Rain and a famously dull lifestyle have kept rents, car prices, and a lot of other things cheaper in Brussels than in tonier European capitals. Even antiques go for bargain prices.
The other day I spied a matching pair of green upholstered Art Deco armchairs in pristine condition for about $1,300 each. "For that," said an envious New York friend, "you'd find a chair here that looked like your cat had murdered it." Carlo Berman, an Art Deco specialist and owner of Berman, says Big Apple prices can be twice as dear. "I get a lot of customers from New York--even dealers," says Berman, whose Rue Ste. Anne shop is just off the Grand Sablon square, ground zero for Brussels' antiques district.
THE REAL MCCOY. Shops on the swanky Sablon, such as the 18 inside the Antique Fair Center, are open daily. There's also a weekend open-air market, held on the square under vast green-and-red canvas stalls (Saturday 10 a.m.-6 p.m., Sunday 8 a.m.-2 p.m.). If you know antiques, there are greater bargains to be had at this hodgepodge bazaar, where one is as likely to find Victorian dolls or a 300-piece set of Art Nouveau silverware as a dining room table to die for.
If you're a novice, caveat emptor, says Betty De Coninck, manager of Antiques & Design Center, a Sablon-area specialist in old pine furniture. "Even at the Grand Sablon you have to watch out for people who sell new things as antiques," she says. The Place de la Chapelle store, like most in the area, provides certificates of authenticity for the genuine articles, such as the 300-year-old, six-foot-tall French pine armoire I saw for the rock-bottom price of $1,000.
Sablon-area merchants identify uncertified antiques as brocante, which means second-hand in French. If you get lucky and spot something so listed that happens to be a real antique, the price will be considerably less than it would be with a certificate of authenticity.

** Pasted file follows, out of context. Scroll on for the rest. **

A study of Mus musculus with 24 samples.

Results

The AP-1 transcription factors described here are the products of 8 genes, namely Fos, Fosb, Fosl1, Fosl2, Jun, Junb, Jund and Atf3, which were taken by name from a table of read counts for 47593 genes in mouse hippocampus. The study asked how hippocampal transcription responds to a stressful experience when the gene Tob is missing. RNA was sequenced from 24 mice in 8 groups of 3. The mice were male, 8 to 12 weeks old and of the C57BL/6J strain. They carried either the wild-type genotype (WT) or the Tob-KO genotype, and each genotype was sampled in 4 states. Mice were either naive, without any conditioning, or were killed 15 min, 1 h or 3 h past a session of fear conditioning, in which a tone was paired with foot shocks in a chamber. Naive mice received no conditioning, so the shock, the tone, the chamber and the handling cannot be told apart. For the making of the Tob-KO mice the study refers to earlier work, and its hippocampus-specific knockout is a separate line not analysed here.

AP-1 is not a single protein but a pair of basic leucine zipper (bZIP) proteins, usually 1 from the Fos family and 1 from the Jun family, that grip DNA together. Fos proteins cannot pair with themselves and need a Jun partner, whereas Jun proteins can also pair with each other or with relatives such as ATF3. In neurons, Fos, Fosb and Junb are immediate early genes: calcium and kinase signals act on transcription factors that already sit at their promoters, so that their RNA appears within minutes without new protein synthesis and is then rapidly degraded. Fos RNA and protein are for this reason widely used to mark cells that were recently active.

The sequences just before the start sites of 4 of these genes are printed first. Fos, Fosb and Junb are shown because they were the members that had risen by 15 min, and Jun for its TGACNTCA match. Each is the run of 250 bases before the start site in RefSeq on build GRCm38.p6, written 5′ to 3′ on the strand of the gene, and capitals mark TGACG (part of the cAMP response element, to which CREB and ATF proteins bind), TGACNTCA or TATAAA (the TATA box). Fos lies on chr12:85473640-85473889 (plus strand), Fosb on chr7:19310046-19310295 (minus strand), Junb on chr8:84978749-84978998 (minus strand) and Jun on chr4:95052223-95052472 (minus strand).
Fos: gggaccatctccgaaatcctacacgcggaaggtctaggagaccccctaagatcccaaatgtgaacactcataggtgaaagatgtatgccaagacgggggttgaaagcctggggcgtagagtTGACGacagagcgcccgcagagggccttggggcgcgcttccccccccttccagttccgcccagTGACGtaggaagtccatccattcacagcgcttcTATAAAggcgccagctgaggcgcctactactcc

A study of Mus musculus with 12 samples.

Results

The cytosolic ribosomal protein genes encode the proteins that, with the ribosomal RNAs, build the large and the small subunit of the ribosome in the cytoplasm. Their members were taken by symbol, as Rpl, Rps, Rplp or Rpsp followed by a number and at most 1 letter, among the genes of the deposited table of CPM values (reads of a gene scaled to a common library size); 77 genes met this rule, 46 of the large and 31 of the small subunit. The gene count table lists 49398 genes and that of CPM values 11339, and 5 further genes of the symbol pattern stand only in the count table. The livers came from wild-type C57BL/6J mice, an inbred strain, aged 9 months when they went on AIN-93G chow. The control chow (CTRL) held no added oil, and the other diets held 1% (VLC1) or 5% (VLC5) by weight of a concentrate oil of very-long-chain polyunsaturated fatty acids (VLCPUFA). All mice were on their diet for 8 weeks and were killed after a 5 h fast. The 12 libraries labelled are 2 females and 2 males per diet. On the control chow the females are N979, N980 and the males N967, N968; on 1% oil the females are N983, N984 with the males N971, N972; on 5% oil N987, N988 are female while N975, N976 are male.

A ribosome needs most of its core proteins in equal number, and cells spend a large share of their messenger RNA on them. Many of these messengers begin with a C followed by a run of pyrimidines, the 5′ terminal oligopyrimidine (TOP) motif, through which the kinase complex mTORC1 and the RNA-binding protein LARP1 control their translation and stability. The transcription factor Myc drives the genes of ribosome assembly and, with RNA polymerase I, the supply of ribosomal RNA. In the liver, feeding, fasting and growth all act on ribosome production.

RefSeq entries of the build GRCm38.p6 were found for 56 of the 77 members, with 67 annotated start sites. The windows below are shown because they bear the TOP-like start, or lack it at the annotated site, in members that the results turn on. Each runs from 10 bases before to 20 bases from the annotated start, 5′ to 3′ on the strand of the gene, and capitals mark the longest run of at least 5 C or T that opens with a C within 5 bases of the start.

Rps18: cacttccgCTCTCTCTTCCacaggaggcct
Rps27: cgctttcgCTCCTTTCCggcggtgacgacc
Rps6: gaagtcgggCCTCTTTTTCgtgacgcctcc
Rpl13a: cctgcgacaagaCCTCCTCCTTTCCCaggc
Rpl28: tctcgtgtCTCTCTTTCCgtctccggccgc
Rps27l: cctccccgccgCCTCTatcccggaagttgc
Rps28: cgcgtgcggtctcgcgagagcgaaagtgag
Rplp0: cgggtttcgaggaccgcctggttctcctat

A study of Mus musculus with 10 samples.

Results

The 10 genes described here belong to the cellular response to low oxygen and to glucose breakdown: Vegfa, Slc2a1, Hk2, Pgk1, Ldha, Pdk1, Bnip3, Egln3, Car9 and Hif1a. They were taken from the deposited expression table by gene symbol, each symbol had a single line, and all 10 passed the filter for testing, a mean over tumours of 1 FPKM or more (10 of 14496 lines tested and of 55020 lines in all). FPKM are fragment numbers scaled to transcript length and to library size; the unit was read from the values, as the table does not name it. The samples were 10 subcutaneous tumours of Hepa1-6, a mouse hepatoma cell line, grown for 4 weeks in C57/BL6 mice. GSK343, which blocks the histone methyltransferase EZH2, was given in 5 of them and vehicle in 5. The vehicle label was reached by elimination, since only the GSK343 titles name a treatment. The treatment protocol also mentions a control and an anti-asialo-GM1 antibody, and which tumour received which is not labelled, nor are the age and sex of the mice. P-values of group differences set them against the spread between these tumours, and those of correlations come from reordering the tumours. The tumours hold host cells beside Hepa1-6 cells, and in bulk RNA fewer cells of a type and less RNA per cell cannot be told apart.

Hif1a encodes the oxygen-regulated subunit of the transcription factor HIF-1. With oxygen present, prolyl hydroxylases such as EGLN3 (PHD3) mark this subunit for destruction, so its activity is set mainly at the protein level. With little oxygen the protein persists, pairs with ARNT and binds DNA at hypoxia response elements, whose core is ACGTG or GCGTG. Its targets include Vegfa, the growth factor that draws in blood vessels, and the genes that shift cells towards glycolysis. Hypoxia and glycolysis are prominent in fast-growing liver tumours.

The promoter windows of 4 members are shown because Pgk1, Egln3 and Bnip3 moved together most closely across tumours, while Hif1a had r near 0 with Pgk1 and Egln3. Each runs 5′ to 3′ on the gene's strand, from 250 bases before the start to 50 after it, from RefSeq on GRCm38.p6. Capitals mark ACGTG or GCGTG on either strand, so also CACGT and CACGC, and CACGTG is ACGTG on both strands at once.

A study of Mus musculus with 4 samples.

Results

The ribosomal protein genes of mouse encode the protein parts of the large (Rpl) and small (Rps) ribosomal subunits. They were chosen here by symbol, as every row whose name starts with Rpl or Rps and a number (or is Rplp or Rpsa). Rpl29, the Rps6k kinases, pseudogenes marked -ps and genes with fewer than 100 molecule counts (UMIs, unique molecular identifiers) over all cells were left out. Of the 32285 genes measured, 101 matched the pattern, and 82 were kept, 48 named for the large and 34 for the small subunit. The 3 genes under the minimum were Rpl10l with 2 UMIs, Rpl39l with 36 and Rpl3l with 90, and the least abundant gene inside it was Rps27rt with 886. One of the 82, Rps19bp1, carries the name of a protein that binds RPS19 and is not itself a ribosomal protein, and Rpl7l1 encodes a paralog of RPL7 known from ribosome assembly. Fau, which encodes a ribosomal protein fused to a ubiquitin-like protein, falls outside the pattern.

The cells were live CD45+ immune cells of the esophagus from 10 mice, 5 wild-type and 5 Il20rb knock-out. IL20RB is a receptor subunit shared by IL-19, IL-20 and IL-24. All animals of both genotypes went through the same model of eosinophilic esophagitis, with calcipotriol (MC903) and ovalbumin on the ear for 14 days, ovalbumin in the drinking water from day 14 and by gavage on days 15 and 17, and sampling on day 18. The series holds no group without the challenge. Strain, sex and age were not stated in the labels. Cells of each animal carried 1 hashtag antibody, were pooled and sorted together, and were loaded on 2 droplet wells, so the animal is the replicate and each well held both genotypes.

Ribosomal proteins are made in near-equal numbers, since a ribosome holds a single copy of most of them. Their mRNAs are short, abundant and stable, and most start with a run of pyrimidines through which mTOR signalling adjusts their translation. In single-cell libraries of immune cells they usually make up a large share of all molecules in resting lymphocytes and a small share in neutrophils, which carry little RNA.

Inveterate bargain hunters might also enjoy browsing through the jumbled daily flea market on the nearby Place du Jeu de Balle. Given Belgium's onetime colonial ties, you'll see lots of African oldies, such as a 100-year-old, 24-inch-tall statue from Zaire's Lema Herba tribe that was going for $300 the day I visited. In fair condition, a six-foot Belgian pine armoire, also about 100 years old, was the same price. But if you buy something, don't bother asking for an antique certificate. They're nonexistent at the flea market. You may not even get a bill of sale (needed to obtain sales tax refunds). "Some of the stuff at the flea market is stolen," says De Coninck.
SABLON SNACKS. Of course, nonluggable antiques have to be shipped home. Ziegler, a major Belgian transport company (011-322-422-2209) with English-speaking clerks, charges a minimum of $265, including packing, to send 2 cubic meters (about 75 cubic feet) of goods to New York by ship. There's an add-on if items weigh more than 2,200 pounds. Delivery takes three weeks. By air, the minimum rate for the same volume is $400, with the add-on starting after 720 pounds. Even the flea market's wily merchants will help you arrange transport--at least to Ziegler's warehouse.
Offsetting delivery charges on certified antiques, which must be more than 100 years old, is a recoverable 6% sales tax. And buyers don't have to pay U.S. duty. For furniture of the Art Deco or Art Nouveau era--too modern to qualify as certified antiques--the charge is 2.5% to 5% U.S. duty. But the recoverable tax is 19.5%.
If you shop till you drop, or if the arcana of antiques is just too much for your jet-lagged brain to deal with, fear not. The Sablon area is also prime eating turf in gastronomic Brussels, where even the picky French have been know to smack their lips. Brussels' best pastry shop, Wittamer's, is right on the square. And just on the edge at Rue Bodenbroeck, 18, is l'Ecailler du Palais Royal, a fish restaurant the Michelin guide rates two stars.